Byron Nelson Notes: Ryan Palmer within striking distance

Colleyville resident Ryan Palmer shot a “disappointing, frustrating” 2-under 67 on Saturday.
Colleyville resident Ryan Palmer shot a “disappointing, frustrating” 2-under 67 on Saturday. AP

Colleyville resident Ryan Palmer shot an up-and-down 67 that featured five birdies and three bogeys, but at 10-under he is just three shots off the lead held by Flower Mound resident Steven Bowditch heading into the final round of the AT&T Byron Nelson.

“The winds were a little trickier today, opposite wind than we are used to, which obviously made for a few holes to play different,” Palmer said. “The greens rolled nice, still soft, but it’s there for the taking because it’s soft and you have the ball in hand.

“If there is ever a disappointing, frustrating 2-under par, I shot it today.”

Palmer had minimal success early in his career at the TPC Four Seasons, making just one of seven cuts prior to his 2011 runner-up finish.

That year, he implemented the plan of letting his caddie, James Edmondson, select his club for every shot, and although they no longer use that strategy, he has made every Nelson cut since.

“There was one round in 2011, I shot 5-under par on Thursday and that kick-started me on this golf course,” he said. “I’ve had confidence playing this golf course ever since.”

Big movers

Saturday is known as “moving day” on the PGA Tour, as players who survived the 36-hole cut try to position themselves for a final-round push on Sunday.

Dustin Johnson led the Saturday march with a bogey-free 7-under 62 to finish two shots off the lead.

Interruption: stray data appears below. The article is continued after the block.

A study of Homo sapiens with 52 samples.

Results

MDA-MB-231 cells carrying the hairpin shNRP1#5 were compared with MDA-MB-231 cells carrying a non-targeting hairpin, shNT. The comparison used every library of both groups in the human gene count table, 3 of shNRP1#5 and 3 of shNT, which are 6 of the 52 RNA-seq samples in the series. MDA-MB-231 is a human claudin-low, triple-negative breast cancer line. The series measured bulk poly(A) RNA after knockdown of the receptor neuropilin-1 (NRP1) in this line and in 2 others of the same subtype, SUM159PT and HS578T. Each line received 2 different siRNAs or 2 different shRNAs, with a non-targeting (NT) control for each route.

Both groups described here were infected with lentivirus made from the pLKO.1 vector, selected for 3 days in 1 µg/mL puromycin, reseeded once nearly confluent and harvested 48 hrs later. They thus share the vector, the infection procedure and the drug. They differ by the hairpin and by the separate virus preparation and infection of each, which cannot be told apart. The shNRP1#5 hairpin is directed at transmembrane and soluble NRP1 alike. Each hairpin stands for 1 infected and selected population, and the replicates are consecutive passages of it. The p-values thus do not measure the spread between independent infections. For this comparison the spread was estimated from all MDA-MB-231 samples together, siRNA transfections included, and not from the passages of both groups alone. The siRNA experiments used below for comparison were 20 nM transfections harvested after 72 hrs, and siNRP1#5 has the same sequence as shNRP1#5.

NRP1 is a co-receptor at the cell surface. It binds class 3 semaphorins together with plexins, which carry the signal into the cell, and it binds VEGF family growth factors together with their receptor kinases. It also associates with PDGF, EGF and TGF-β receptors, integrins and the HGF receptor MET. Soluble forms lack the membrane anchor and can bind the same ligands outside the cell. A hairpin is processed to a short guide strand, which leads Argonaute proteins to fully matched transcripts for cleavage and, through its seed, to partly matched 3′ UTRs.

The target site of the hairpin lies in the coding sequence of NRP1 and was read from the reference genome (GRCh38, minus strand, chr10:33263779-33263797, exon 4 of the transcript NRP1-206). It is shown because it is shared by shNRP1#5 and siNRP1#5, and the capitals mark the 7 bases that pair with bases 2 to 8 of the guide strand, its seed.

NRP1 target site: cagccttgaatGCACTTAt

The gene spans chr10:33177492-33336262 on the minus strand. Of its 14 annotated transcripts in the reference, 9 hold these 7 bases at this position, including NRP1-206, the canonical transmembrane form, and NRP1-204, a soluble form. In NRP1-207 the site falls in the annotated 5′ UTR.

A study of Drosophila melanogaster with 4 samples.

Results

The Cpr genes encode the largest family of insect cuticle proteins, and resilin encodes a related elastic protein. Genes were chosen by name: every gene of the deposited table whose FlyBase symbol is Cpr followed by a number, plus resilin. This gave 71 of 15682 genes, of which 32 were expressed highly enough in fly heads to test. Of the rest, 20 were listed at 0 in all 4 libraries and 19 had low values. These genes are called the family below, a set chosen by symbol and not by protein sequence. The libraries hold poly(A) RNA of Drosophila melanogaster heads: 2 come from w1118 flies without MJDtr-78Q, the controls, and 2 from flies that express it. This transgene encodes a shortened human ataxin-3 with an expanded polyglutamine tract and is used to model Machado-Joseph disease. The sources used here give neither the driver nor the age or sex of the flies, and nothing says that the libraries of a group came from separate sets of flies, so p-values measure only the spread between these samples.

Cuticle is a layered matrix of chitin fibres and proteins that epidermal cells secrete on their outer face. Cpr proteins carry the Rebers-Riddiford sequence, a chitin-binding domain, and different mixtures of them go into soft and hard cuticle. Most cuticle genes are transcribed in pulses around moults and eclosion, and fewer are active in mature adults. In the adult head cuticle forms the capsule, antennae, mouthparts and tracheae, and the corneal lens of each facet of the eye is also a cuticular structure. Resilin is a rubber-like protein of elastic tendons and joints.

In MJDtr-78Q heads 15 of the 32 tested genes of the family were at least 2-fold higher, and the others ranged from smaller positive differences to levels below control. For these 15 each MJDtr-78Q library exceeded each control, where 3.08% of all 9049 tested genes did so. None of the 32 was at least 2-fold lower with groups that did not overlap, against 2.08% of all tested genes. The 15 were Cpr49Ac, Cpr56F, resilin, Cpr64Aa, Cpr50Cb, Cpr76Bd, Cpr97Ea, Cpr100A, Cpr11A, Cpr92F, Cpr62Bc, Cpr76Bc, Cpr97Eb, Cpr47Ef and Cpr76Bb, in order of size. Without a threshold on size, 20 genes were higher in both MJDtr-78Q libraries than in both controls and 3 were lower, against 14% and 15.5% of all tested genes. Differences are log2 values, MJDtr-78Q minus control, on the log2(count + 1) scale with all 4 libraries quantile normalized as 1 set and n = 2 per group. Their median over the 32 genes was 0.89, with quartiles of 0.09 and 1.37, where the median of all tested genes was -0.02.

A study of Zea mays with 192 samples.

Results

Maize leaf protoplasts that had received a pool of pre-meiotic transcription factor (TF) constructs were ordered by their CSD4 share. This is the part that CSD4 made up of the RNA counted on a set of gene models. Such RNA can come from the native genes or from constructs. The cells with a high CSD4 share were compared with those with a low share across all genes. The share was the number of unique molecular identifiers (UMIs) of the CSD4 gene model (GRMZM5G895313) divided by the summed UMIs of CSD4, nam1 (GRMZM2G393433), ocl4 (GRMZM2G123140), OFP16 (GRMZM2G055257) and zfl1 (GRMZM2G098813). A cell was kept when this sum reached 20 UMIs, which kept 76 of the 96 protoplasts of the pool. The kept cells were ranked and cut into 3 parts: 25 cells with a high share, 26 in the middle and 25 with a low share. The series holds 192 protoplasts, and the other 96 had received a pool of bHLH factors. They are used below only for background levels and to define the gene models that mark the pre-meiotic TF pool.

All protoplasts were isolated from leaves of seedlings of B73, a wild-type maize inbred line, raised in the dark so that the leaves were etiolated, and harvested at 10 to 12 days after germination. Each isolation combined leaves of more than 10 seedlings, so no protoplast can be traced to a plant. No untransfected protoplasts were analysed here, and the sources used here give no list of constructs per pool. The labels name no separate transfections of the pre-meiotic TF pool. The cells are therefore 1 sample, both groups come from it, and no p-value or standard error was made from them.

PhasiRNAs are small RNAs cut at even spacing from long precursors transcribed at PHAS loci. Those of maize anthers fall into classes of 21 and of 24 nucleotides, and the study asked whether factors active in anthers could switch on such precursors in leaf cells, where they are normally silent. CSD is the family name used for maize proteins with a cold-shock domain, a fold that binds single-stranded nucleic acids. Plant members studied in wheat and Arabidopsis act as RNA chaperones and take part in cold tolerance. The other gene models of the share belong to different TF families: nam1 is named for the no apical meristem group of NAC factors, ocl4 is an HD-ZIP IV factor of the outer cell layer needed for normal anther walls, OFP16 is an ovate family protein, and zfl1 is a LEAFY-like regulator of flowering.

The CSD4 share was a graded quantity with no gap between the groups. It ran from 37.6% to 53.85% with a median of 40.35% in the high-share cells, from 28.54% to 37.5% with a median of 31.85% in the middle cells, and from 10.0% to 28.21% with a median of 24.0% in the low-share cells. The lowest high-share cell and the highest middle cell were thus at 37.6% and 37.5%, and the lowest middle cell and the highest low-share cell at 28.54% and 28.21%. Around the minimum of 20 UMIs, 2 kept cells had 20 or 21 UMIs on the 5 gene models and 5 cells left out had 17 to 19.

Brendon de Jonge had seven birdies before a bogey on No. 18 to shoot a 63 and vault up 30 spots on the leader board.

“From where I was at the start of the day to where I am now, it is obviously a big step in the right direction,” de Jonge said. “I think it will take another score like I had today to get this thing done.”

Brooks Koepka, Kenny Perry, Daniel Berger and Brandt Snedeker were the biggest movers of the day. Each of them propelled 35 spots into the top 20 by shooting 5-under 64.

Makeshift par 3

Due to the torrential overnight downpour that added 4.5 inches of rain to the already saturated TPC Four Seasons course, the 14th fairway was deemed to be in unplayable condition.

PGA Tour officials made the decision to play the normally 406-yard par 4 as a 104-yard par 3 for the second round.

No. 14 had a stroke average of 4.282, which translated to being the hardest hole on the course in the opening round. The makeshift No. 14 in the second round had an average of 2.73, making it the third easiest hole behind the two par-5s, Nos. 7 and 16.

Gary Woodland had a hole-in-one on No. 14 with a wedge in the second round.

For the third round, No. 14 remained a par-3, measuring at 108 yards. PGA Tour officials moved the tee box forward by one yard, but moved the hole location farther back on the green.

Cut casualties

The cut of 1-under became official shortly after 12 p.m. on Saturday with the completion of the second round.

The second round had been suspended Friday evening due to darkness and subsequently delayed until 11 a.m. Saturday morning due to inclement weather.

There were many familiar names among the 69 players who got the weekend off, including the past two Byron Nelson champions — Brendon Todd and Sangmoon Bae.

Local pros who missed the cut included Harrison Frazer, J.J. Henry, Brandt Jobe, Chad Campbell, former TCU golfer Tom Hoge, former SMU golfer Kelly Kraft and John Rollins.

The TPC Four Seasons course also proved too tough for past major winners Mike Weir (2003 Masters) and Geoff Ogilvy (2006 U.S. Open), who both missed the cut.